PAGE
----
The Average Electric Bill for 1 & 2 Bedroom Apartments

The average electric bill for a one-bedroom apartment in the United States costs $60 per month with one resident and $66 with two residents. For a two bedroom apartment, the average electric bill is $76 per month. The average electric bill in the United States is $115 per month across all residence sizes.

Of course, the average isn’t the whole story. Read on for more information on the factors that can make a difference on your electricity costs.

How Location Can Affect Your Electric Bill

Often, the biggest factor that impacts your bill is location. Electricity consumption and utility rates vary by city and state. As a result, some people end up spending significantly less than the average, while others pay far more.

When it comes to rates, electricity utilities charge a certain number of cents per kilowatt-hour (kWh). The differences in those rates can be stark, varying more than 20 cents per kWh in some cases.

For example, in Utah, the rate is near 10.12 cents/kWh. In Hawaii, it’s closer to 32.81 cents/kWh.

As a result, average utility costs are impacted by location. Here’s a look at the average monthly electric bill in each region:

  • New England – $126.65
  • Middle Atlantic – $107.89
  • East North Central – $102.40
  • West North Central – $110.09
  • South Atlantic – $130.04
  • East South Central – $134.81
  • West South Central – $128.17
  • Mountain – $98.94
  • Pacific Contiguous – $100.52
  • Pacific Noncontiguous – $151.94

While those averages don’t account for the property’s size, they do show how electric bill costs vary from one area to the next.

How Weather Can Affect Your Electric Bill

Weather conditions in your area may also have a major impact on your energy bills. If you live in a region with sweltering summers, freezing winters, or both, you may end up using more electricity than someone who lives in a temperate climate.

The difference in utility usage during specific seasons can be dramatic. In one part of Alaska, the average usage rate goes up by 200 kWh in the winter (when compared to summer usage). As a result, winter electricity bills can be much larger than what customers pay during the summer.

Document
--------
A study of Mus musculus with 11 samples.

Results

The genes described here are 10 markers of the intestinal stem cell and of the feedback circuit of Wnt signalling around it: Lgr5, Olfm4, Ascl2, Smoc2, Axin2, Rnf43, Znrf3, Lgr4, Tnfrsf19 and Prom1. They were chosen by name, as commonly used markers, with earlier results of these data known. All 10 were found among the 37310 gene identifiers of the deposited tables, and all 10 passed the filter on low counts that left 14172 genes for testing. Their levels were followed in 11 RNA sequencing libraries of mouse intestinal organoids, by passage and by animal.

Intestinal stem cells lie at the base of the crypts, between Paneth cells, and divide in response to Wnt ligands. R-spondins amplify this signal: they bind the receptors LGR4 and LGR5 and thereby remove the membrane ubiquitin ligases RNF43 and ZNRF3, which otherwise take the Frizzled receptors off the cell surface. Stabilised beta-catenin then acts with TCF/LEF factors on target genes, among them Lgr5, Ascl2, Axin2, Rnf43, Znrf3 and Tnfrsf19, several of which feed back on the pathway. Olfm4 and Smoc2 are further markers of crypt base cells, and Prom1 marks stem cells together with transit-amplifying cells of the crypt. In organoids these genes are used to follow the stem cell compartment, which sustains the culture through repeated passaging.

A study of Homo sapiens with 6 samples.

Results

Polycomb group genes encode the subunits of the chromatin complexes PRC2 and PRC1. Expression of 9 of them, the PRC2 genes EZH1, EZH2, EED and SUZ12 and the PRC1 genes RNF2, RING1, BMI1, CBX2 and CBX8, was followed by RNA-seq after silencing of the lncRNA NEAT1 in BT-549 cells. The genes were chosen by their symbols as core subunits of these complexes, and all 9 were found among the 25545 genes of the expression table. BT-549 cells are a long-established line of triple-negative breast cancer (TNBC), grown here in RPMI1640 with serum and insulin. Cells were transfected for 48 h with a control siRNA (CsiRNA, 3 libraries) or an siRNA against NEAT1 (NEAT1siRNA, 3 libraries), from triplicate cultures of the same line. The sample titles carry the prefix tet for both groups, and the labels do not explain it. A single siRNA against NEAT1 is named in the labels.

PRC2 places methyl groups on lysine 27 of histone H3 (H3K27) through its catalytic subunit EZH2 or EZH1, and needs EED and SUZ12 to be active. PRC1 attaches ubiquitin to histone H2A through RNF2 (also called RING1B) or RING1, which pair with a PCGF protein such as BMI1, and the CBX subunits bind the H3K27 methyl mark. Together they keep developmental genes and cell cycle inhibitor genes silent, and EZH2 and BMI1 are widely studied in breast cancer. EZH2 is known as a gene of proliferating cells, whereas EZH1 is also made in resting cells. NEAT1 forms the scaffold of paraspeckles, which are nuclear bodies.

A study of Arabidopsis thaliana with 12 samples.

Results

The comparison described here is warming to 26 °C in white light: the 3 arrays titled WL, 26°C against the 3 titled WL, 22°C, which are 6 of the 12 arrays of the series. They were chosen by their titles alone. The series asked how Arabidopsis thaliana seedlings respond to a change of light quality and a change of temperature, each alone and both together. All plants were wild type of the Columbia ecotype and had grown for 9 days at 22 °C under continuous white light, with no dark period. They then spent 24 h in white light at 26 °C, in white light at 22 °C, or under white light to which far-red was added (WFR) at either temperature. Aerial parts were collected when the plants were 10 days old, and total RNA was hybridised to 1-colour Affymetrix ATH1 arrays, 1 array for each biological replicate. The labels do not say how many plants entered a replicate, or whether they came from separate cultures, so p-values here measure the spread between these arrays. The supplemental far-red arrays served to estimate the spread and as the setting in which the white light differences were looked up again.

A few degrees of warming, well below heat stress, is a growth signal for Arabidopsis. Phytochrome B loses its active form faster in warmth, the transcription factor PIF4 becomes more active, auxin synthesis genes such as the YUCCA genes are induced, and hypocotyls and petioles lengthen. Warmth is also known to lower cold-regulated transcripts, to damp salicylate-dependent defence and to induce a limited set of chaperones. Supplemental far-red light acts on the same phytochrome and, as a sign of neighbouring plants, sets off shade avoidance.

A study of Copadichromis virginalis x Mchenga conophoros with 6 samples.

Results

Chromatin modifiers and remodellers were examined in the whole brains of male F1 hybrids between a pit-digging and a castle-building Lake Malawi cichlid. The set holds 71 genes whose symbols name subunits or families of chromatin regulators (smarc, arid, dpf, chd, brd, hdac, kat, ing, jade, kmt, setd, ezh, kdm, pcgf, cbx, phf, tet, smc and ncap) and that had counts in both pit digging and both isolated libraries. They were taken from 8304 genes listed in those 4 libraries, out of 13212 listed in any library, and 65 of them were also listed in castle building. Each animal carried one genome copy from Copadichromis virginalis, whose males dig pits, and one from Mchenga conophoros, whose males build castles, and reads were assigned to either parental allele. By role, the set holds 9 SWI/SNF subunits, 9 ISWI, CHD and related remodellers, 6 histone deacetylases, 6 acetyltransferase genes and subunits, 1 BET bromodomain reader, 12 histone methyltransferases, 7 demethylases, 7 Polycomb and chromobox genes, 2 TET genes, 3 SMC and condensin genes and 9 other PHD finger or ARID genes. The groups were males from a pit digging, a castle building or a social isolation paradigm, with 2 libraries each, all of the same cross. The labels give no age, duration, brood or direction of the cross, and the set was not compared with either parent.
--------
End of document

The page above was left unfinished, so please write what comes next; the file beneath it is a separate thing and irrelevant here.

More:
Additionally, market rates for electricity may change when demand rises. This causes the per kWh cost to increase, resulting in higher bills even if a household’s usage level stays consistent.

How Appliance Use Can Affect Your Electric Bill

How much you use your appliances has a major impact on your energy bills. Running appliances like ovens, dishwashers, washing machines, and dryers can draw a lot of electricity, pushing your bill up significantly.

Air conditioning units are notorious for driving energy bills up due to the high amount of power they need to operate. A typical central AC unit can use 3.5 kW per hour. A single 12,000 BTU window unit can use 1.2 kW per hour. If you need multiple window units, the energy usage adds up quickly.

Your appliances themselves also play a role. You can save up to 30% on your energy bills by choosing appliances with the Energy Star label for energy efficiency, certified by the Environmental Protection Agency and the Department of Energy.

How Other Utilities Can Affect Your Electric Bill

Whether you have certain other utilities in your apartment can have a substantial impact on your utility bills. Usually, the most significant utility in this regard is natural gas.

Natural gas is used as an alternative to electricity in a number of situations. For example, you may have a gas stove or a gas water heater instead of electric ones. If you do, then your electricity bill will be lower than a person who doesn’t have natural gas appliances.

Similarly, if any of your heating comes from fuel or oil-based sources, your electricity bill may not spike as much during the winter. You’re using an alternate resource for your heating needs, limiting the seasonal impact on your electricity usage.

However, any savings you experience on your electricity bill may be offset by rising costs for your other utilities. Whether that results in a higher or lower total cost may depend on the utility rates for those services.

Generally speaking, using all gas appliances lowers your total utility bill costs by up to 30%. However, you’d need to check rates in your area to see if you’d experience a savings.

How the Number of Residents Can Affect Your Electric Bill

A final major factor that impacts your utility bills is how many people are using the property and for how long. For example, the average utility price for a one-bedroom varies by $6 per month depending on whether there are one or two occupants.

However, how much time any residents spend at home also matters. For example, professionals who used to report to an office but began working remotely during the pandemic may have seen their energy bills rise by $40 to $50 per month.

Part of the increase was related to simply being home more, as the person interacts with more home systems, uses more lights, and may alter the temperature during the day to stay more comfortable. But part of it was related to introducing new electronics to the property, such as a separate work computer.

Computers draw more power when actively in use, but they also use electricity when in standby mode. By bringing an extra one into a home, using it heavily during a typical eight-hour workday, and leaving it on standby the rest of the time, that single device can have a surprising impact on energy consumption.

Bottom Line

Ultimately, all of the factors above play a role, altering how much you pay each month. Use the information about the average electricity bill for one- and two-bedroom apartments as a baseline. However, also explore how where you live, the number of occupants, appliance usage, seasonality, and other points may impact your costs. That way, you’re fully prepared.